How to Pass Your Faith to Your Kids
How to Pass Your Faith to Your Kids
As a parent of 3 young children, I can say with absolute confidence that there is one thing I desire for them more than anything else. One thing that I would give almost anything to see. And it’s for them to follow Jesus. For my children to put their faith in Jesus would be the most significant thing as a parent. Everything else that comes after that is the icing on the cake.
I often struggle with figuring out ways to pass my faith on to my children. But the good news is that it ultimately doesn’t depend on me. I can trust that God is the “author and perfecter of our faith” (Hebrews 12:2), and he is sovereign and good even in the lives of my children. But God has given instruction on things that can be done to pass on your faith to your children. Tim Keller outlined three ways that faith can be passed on to the next generation from Deuteronomy 6:4-9 and 6:20-25.
The first is to love God passionately. Deuteronomy 6:5 says, “Love the LORD your God with all your heart, with all your soul, and with all your strength.” This means that parents must begin by cherishing God. This means living a life that is consistent with his word and one that reflects not mere obedience but joyful obedience. Our children must see that we delight in God’s commands because we delight in God. Tim Keller writes, “Young people are sensitive to any inconsistency. That is the first reason a younger generation can turn from the faith of an older one.” So if you want to pass on your faith, love God.
The second thing is to impress truths practically. This means to apply the truth of the gospel in everyday life and not merely to lecture them. Deuteronomy 6:7 says, “Repeat them (God’s commands) to your children. Talk about them when you sit in your house and when you walk along the road, when you lie down and when you get up.” Keller rightly points out that these refer to structuring your life so that your daily routines are centered around the gospel. You are so showing your children how the gospel relates to everyday life like cleaning, praying, attending church. Ground the routines of your family in gospel truths. Otherwise, even your best routines like attending church become exercises of habit. However, if you explain to your children how corporate worship is a response to God showing grace to sinners who were lost, we give them a picture of the gospel as well as a practical outworking of the gospel. Another way is to extend grace to your children. If all we do is speak of grace and never extend it, we are not living as people who have encountered grace.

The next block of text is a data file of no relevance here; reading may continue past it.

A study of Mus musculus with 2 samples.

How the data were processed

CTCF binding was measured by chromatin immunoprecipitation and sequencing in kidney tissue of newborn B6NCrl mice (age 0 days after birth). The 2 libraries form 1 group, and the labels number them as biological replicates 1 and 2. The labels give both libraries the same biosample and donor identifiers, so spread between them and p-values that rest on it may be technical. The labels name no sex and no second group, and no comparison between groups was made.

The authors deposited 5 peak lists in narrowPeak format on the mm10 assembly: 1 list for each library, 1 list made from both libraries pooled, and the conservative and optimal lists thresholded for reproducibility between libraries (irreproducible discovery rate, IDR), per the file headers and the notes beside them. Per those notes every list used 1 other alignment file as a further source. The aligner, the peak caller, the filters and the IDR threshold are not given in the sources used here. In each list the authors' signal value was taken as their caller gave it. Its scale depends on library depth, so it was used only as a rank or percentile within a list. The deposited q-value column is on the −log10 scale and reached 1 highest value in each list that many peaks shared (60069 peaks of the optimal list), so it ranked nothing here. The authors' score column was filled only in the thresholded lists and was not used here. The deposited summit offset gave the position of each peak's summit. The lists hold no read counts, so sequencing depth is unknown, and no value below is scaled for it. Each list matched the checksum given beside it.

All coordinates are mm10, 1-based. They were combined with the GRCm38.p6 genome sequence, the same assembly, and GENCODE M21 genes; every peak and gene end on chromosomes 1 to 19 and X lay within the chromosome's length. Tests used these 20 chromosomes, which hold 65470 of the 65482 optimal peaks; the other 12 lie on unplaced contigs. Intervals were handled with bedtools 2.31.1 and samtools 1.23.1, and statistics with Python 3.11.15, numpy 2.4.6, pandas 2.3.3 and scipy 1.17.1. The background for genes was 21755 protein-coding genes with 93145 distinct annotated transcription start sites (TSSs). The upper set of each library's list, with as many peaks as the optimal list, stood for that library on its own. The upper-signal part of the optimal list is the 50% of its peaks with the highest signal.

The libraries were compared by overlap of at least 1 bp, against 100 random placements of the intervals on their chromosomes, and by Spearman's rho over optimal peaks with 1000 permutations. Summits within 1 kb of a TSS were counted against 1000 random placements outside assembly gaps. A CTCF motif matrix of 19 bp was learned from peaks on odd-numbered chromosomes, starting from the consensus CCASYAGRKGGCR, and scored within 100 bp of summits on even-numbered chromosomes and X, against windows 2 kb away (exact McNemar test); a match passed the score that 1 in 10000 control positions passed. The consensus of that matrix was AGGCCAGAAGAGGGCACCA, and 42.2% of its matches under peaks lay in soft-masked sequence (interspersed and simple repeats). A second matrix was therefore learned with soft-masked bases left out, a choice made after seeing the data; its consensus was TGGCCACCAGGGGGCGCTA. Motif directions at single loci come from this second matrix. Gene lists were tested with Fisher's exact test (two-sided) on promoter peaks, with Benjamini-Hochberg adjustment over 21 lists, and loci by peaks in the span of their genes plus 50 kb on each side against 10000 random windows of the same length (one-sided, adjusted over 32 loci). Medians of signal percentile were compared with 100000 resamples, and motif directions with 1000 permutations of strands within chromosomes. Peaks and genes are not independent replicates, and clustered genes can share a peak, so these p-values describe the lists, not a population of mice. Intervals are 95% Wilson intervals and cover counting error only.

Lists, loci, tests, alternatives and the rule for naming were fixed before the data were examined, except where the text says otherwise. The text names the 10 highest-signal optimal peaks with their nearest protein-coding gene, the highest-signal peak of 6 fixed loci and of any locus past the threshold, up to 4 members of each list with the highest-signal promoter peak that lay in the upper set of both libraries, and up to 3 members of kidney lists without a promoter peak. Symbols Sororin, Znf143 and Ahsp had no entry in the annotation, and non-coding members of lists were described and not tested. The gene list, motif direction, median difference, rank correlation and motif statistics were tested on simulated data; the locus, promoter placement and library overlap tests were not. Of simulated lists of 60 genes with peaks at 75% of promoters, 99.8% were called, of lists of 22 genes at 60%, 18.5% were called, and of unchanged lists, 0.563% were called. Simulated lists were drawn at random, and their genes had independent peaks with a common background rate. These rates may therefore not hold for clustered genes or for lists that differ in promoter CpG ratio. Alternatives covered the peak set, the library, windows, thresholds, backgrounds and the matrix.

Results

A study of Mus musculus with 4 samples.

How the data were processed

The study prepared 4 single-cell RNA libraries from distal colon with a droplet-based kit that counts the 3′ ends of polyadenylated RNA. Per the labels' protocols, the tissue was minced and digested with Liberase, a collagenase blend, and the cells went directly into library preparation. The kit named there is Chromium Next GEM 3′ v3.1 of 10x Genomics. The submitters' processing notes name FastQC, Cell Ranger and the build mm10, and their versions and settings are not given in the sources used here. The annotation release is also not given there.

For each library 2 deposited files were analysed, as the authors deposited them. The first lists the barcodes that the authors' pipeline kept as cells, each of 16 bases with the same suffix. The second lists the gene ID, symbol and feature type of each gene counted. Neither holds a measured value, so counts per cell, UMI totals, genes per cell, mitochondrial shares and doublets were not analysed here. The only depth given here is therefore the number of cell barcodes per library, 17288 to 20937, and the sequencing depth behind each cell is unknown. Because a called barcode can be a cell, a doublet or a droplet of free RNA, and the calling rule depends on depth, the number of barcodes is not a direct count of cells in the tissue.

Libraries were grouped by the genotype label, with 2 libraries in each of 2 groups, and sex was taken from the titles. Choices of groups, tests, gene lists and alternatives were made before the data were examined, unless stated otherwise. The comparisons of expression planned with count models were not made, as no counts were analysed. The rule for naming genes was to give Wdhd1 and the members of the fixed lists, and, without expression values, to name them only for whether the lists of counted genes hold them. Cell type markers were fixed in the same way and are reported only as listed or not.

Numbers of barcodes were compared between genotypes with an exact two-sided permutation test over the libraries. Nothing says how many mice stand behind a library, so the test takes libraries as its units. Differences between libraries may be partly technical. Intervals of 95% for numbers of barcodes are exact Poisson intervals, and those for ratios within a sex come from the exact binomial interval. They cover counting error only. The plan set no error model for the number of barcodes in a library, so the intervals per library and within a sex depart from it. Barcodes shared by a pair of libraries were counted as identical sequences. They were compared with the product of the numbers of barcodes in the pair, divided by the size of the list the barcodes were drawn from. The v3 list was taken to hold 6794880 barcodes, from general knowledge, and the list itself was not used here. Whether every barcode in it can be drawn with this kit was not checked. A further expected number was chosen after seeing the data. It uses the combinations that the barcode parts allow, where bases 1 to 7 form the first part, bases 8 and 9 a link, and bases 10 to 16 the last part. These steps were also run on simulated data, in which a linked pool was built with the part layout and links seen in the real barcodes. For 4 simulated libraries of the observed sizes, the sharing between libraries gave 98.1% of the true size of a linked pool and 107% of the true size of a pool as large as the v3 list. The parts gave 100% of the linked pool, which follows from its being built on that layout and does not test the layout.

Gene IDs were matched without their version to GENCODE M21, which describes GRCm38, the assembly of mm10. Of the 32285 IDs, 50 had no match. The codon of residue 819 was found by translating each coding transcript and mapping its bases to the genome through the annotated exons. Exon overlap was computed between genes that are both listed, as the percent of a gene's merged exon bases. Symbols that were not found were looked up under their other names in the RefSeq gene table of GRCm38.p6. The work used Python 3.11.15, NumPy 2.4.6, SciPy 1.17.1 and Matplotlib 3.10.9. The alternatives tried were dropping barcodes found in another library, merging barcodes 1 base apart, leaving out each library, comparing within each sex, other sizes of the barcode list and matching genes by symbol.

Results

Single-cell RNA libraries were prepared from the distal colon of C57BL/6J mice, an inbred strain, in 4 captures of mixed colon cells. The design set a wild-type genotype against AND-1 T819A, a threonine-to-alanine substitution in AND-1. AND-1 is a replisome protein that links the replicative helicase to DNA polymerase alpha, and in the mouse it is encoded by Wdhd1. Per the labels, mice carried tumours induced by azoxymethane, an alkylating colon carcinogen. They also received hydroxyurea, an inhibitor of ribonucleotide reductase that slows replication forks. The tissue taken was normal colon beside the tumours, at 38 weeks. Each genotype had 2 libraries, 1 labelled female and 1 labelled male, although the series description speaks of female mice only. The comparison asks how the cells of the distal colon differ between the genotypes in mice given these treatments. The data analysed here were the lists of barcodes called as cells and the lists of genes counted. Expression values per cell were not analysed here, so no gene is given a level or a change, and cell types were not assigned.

The third thing is to give testimony personally. Deuteronomy 6:20-25 points out that God’s people were not just told to teach their children God’s commands but also to tell of God’s work in their lives. God instructs parents to tell their sons how they were freed from slavery. This means that parents must have experienced God in their own lives and be able to talk about stories of God’s grace in their own lives. So tell your children how God saved you. Tell God about God’s faithfulness. Tell them how God made a way when there was no way. Tell them how God has blessed you. Tell them how God has been a rock in your life. Tell them how he’s given you so much joy.
So be consistent in your love for God, practically apply the truth of the gospel, and tell stories of God’s grace. Passing on your faith doesn’t require teaching them the great catechisms of the faith, although those formal means do not hurt and can be excellent for teaching your children truth. But these are just a few simple things that can help you pass on your faith to your children.